Chief Justice David Maraga

Legal row over Kenya's acting Chief Justice

The appointment of a new Chief Justice for Kenya is turning into the nightmare that court-watchers had predicted – and the process still has a long way to go. Former CJ David Maraga officially stood down last week, having taken his outstanding leave from mid-December 2020. He leaves behind a number of unresolved conflicts between the judiciary on the one hand and the executive and legislature on the other.

Read judgment

When Kenya’s immediate past Chief Justice, David Maraga, announced he was taking leave pending his retirement in January 2021, he added that the Deputy Chief Justice, Philomena Mwilu, would take over as Acting Chief Justice from the time of his departure until someone was appointed to succeed him.

Kenya's Chief Justice shines YouTube light on tension with government

Tension is high between the judiciary and the government in a number of African countries at the moment. But so far only one – Kenya – has seen the Chief Justice come out with a full public statement exploring these problems. The statement, read by CJ David Maraga to a number of media houses, has been added toYouTube, and can now be accessed by anyone interested in the situation. Most of the CJ’s complaints related to the massive cuts to the budget of the judiciary and the impact of those cuts.

Watch the Chief Justice give his speech

Kenya’s Chief Justice David Maraga has won international respect for the brave decision made by himself and other members of the Supreme Court in setting aside the result of the August 2017 elections.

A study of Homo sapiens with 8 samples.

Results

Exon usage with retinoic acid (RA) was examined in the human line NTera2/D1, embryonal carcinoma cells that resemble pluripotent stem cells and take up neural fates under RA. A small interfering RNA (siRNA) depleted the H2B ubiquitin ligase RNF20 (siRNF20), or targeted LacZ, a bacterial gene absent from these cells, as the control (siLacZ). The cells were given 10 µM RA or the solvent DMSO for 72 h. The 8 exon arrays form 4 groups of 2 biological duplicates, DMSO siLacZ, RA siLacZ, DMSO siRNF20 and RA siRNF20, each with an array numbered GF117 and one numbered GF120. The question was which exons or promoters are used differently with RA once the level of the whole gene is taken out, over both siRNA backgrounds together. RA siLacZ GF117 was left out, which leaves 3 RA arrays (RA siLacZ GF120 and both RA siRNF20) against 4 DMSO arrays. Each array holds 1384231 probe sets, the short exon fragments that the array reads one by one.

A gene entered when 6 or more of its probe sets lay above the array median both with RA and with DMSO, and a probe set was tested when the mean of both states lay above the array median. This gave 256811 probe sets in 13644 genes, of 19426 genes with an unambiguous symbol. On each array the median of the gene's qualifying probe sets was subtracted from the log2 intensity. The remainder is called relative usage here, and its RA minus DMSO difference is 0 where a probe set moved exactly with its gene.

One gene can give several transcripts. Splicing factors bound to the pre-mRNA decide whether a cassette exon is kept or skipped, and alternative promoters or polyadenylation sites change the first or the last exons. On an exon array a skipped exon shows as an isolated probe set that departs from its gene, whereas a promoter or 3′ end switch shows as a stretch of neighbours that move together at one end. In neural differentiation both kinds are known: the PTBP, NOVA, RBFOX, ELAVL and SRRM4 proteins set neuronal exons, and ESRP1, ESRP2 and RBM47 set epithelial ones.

‘Brave’, because it would inevitably be seen as anti-government in a country where judges are increasingly expected not to rule against the ruling elite.

Good news - and bad - for African judiciary charged with wrong-doing

For two senior African judges, this is a particularly momentous month. Justice Joseph Wowo of Nigeria, former Chief Justice of Gambia, has been effectively exonerated by a regional court after his humiliating treatment at the hands of the courts in Gambia and his dismissal by the then-President, Yahya Jammeh. Justice Wowo has also been awarded significant damages for the way he was treated. But though his trials and tribulations may now be over, serious trouble is only just starting for a member of Kenya’s Supreme Court, Justice Jackton B. Ojwang’.

Justice Joseph Wowo, originally of Nigeria, was jailed on corruption charges in January 2014. His trial was seen by many as involving trumped-up charges and he has now won a kind of vindication via the Community Court of Justice of the Economic Community of West African States (Ecowas).

In a special statement, the Ecowas court has announced that it has ordered Gambia to pay $200 000 in “nominal damages” to Justice Wowo. Unfortunately, however, no judgment has been released that explains the court's decision.